To see it, one has to see through it! In its natural state, the brain and the rest of the body are full of lipids, which are opaque. In order to view 3D images of the brain as a whole intact organ, it has to become see-through. To accomplish this, the lipids need to be extracted, but if they are removed without some sort of supporting structure, the brain will collapse in on itself, destroying is anatomical integrity.
Enter Karl Deisseroth, M.D., Ph.D., a NARSAD grant recipient from Brain & Behavior Research Foundation. He is also a member of the BRAIN initiative established by President Obama in April 2013. His team at Stanford designed a process called “CLARITY” which, through chemical engineering, constructs a shell around the lipids using hydrogel. Once this shell of clear gel is created, the lipids can be extracted, leaving the shell intake. All the axons, dendrites, neurons, nucleic acids, proteins, etc. are intact and in their correct place. Currently, this process has been done primarily on postmortem mouse brains and preserved human brain slices.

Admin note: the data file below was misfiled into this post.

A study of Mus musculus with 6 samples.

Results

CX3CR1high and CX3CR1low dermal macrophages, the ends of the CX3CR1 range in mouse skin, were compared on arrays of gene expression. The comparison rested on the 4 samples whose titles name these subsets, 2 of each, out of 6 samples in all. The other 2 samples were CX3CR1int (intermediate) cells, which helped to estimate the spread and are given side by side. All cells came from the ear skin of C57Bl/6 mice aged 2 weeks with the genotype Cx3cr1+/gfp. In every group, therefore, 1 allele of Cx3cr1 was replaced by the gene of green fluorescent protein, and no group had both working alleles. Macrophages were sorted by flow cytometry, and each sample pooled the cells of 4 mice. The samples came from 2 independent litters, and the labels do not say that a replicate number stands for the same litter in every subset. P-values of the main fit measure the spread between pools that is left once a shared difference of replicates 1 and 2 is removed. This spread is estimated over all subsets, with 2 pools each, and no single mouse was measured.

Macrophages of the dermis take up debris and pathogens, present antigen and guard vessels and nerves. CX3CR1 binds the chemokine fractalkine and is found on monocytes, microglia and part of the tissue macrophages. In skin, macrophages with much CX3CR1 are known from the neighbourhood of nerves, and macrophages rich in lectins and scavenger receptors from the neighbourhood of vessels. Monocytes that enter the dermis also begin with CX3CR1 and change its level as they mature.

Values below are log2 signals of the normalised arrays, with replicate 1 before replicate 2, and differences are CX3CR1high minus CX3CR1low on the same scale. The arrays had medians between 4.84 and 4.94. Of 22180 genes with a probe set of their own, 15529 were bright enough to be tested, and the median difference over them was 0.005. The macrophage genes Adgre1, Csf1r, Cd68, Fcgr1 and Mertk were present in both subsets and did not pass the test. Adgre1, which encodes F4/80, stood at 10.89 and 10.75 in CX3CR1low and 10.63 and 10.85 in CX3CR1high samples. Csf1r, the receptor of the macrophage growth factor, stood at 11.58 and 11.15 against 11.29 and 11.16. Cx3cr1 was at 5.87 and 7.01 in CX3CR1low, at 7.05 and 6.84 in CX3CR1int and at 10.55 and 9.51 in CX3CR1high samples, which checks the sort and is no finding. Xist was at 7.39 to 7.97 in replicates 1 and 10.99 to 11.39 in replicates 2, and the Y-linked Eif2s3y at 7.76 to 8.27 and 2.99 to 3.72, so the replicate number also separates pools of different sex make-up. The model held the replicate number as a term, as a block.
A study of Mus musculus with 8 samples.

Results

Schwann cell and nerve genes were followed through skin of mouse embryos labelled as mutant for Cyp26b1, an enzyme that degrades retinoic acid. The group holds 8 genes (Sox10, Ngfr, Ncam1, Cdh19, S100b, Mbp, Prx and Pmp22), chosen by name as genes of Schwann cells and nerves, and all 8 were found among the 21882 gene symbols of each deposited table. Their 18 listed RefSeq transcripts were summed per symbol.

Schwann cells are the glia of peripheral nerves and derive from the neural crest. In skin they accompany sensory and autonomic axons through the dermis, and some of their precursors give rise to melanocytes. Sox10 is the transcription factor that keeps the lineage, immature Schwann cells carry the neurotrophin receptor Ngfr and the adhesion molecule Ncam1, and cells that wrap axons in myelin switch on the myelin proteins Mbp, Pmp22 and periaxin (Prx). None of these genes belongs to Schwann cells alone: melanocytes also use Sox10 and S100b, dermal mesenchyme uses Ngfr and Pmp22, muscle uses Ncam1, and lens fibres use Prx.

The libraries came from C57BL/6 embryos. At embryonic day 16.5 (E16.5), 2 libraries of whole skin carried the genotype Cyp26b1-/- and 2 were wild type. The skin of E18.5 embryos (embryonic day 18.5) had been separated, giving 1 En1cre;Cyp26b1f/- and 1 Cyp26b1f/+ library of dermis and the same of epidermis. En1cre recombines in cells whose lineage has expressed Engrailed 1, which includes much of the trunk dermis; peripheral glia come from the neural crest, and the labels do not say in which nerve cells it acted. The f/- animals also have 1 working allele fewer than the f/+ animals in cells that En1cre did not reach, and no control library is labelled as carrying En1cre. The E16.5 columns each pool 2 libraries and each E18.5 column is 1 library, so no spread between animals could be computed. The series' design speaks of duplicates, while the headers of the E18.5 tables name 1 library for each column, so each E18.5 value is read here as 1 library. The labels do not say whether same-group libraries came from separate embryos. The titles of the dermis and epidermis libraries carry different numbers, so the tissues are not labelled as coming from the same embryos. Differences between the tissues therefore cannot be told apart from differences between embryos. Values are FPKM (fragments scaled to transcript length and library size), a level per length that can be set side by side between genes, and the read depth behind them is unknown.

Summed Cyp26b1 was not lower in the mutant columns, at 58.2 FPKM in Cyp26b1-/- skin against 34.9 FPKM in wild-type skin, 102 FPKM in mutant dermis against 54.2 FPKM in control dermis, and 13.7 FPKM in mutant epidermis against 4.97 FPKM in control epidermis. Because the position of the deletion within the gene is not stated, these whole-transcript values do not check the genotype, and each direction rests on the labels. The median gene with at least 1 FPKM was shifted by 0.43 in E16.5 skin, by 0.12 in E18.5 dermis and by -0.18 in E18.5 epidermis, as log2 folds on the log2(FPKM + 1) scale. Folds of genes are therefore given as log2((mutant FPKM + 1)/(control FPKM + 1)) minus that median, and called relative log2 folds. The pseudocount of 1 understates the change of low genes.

Before CLARITY, the technology didn’t exist to view the brain as a whole intact organ. To create a 3-D image, thousands of very thin sliced images are taken and then carefully put back together.
Dr. Deisseroth says, “Studying intact systems with this sort of molecular resolution and global scope—to be able to see the fine detail and the big picture at the same time—has been a major unmet goal in biology, and a goal that CLARITY begins to address,” Deisseroth also stated that technology will need to be developed to decipher the massive amounts of data that are created with this 3-D technology.
The key advantage to the CLARITY process is that florescent antibodies can be introduced to the brain because the hydrogel is permeable. This allows researchers to study relationships between parts of the brain that has not been done before. Once a segment of research is complete, the antibodies can be flushed out of the brain, and this process can be repeated several times.
This is monumental in the field of neuroscience.
“If CLARITY is a predictor, the next few years could be a period of rapid new insights into brain structure and function,” says Dr. Tom Insel, Director of the National Institute of Mental Health. “One can barely begin to imagine how tools like CLARITY will change our concepts of how the brain works in health and disease.”
HIKE for Mental Health proudly supports the Brain & Behavior Research Foundation.